Michelin doesn't race in Formula 1, but it's using electric motorsport to make gains in the all-important fields of grip and rolling resistance.

Michelin has been on board with Formula E since day one, developing the Pilot Sport EV (generation one cars) and now the Pilot Sport for the growing category, and says it's already transferred tech from the e-prix circuit into its production tyres.

"We want to be involved in motorsport where we can test and promote technology that makes sense, that is in the philosophy of better, more sustainable mobility," said Serge Grisin, manager of Formula E for Michelin, in the paddock of the Berlin e-Prix.

"And technology we can transfer on street tyres," he said, "we learn from the race to do better tyres."

That's why the tread pattern on the racing Pilot Sport closely matches that of Pilot Sport 4S road tyres. Michelin says the road and track teams worked side-by-side throughout development, transferring lessons from the former to the latter.

It's also why the mainstream Pilot Sport 4S uses a hydrophobic silica compound developed on the track, designed to better disperse water at speed.

Compared to Formula 1, which advocates degradation and multiple mid-race tyre changes, Michelin says the focus on extracting maximum performance in any weather makes Formula E a perfect place to hone its production rubber.

While we're comparing Formula E with Formula 1, the Pilot Sport tyres you see here are used rain, hail or shine. Forget dry, intermediate and wet compounds. Formula E teams only get two sets per race weekend, too.

The 53rd Formula E race was its first in the wet, with drivers lapping sodden downtown Paris without careening into the barriers – for the most part, at least. Consider that proof of concept, given the same tyre supports single-seaters doing up to 280km/h in the dry.

"It was very interesting to finally validate the concept," Grisin said of the Paris race. "In terms of performance, if you had these conditions with slick tyres I think it would have been a big mess, because it was not only rain."

"It was cold, it was ice, it would have been a nightmare for the drivers."

"With these tyres they just have to adjust the speed, but they can continue. For us it was a very interesting race," he went on.

Along with creating a tyre for all weather, one of the biggest challenges associated with Formula E is eking every last drop from the battery. For the first four seasons, drivers had two cars: one for the first half of the race, and one to swap into when the first went flat.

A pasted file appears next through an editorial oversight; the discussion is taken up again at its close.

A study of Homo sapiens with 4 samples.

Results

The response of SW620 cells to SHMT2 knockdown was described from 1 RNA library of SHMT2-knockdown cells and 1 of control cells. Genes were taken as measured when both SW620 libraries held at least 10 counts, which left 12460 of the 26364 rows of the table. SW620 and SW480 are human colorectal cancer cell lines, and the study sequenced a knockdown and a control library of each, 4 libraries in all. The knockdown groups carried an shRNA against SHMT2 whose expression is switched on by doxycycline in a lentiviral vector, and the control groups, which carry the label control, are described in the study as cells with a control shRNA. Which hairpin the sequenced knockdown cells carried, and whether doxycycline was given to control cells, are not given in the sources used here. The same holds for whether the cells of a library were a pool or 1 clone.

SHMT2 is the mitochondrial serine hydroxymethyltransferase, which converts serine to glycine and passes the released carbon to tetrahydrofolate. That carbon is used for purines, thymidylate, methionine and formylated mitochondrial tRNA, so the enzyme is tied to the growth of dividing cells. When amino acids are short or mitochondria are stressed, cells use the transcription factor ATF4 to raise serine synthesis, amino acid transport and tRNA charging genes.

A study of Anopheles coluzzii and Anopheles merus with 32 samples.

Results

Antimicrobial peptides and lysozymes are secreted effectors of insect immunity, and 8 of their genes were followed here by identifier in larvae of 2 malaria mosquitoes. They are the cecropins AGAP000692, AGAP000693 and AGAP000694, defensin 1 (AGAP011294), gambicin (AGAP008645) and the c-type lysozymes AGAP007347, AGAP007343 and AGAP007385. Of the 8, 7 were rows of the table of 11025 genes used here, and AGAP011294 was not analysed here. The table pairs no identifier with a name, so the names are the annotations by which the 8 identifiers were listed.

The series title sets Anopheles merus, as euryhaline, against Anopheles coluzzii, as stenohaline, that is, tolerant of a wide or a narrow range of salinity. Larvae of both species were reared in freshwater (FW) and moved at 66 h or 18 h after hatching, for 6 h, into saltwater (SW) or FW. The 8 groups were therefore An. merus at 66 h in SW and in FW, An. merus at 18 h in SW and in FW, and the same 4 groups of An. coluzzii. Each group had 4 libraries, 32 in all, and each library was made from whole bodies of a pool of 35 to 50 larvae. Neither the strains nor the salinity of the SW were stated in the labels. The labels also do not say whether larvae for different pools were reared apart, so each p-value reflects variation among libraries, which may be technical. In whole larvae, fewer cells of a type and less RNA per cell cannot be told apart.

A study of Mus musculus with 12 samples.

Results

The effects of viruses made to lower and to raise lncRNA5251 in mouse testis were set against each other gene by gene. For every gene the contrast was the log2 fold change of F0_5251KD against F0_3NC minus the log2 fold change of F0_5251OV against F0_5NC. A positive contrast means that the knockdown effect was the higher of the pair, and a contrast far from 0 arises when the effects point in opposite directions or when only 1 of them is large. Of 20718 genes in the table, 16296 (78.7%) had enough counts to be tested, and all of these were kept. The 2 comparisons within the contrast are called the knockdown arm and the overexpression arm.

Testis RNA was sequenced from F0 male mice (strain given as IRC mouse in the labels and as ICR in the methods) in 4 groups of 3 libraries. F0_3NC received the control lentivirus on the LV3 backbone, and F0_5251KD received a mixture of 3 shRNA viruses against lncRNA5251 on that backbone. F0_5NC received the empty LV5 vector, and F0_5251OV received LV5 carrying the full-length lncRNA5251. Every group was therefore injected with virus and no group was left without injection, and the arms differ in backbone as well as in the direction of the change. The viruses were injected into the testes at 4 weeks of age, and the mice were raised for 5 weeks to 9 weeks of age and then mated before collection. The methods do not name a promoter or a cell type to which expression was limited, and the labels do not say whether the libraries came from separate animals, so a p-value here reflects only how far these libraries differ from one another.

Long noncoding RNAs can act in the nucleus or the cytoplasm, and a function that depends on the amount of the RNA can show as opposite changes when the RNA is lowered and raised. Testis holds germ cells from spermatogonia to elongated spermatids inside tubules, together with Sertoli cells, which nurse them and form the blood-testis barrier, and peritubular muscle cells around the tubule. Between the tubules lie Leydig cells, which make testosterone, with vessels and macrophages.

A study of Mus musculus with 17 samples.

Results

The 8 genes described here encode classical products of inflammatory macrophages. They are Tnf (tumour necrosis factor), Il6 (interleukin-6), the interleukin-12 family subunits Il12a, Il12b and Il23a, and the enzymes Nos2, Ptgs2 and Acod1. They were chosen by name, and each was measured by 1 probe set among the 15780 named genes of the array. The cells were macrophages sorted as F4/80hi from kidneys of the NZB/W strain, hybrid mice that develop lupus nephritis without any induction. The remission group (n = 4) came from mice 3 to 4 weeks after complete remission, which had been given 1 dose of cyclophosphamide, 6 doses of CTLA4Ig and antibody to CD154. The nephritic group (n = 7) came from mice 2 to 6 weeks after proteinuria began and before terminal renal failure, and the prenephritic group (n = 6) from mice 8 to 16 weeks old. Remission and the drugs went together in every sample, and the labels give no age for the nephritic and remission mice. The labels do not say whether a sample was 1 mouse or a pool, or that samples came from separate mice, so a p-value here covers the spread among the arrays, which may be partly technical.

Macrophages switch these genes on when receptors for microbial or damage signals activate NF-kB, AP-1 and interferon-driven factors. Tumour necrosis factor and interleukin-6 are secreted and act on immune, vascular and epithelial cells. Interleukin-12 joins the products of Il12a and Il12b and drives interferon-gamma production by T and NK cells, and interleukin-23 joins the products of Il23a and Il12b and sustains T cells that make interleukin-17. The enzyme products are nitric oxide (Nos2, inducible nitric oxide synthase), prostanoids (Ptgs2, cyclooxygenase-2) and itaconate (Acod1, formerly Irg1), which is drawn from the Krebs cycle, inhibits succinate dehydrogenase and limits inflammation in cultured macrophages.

A new battery from McLaren Applied Technologies has eliminated the mid-race swap, but they still hold barely enough charge for a full race. That's swung the spotlight at Michelin onto "development on energy efficiency", making sure traction doesn't come at the cost of driving range.

"We all know that one of the sensitive points on electric cars is the range of the car," Grisin explained, arguing 25% of energy consumption in all cars is down to the tyres. Regardless of what powers your car, petrol or electricity, lowering that figure can only be a good thing."

"[Formula E] has allowed us to... improve and innovate in the field of energy efficiency by the tyre. It's clearly interesting, because it's something that makes a lot of sense for the street tyres," he continued.

Michelin makes the Formula E Pilot Sport in 235/40 (front) and 305/40 (rear), and the control OZ Racing wheel is an 18-inch unit. They're very close to street car sizes, as you may have gathered, further reinforcing the link between the race Pilot Sport and its road-going counterpart.

Races are exclusively held on street circuits, which means each surface is different, and most can be related to everyday conditions.

The Berlin e-prix is run on Flughafen Tempelhof airfield's abrasive concrete, and the streets of New York are lined with imperfections you'd never see on a racetrack. Managing wear in a broad range of conditions is, once again, crucial in developing road tyres.

As for how the drivers feel? The tyres make life tricky for drivers used to slicks and smooth tracks. Speaking with CarAdvice after his second-place finish in Berlin, Sebastien Buemi described the rubber as a "very important factor" in the success of Formula E.

"The have, as you can imagine, a bit less grip [than a slick]," Buemi explained.

"They are difficult to drive, they are difficult to handle. We've seen lots of cars moving around and mistakes from drivers, so I think at the end that's why it's entertaining."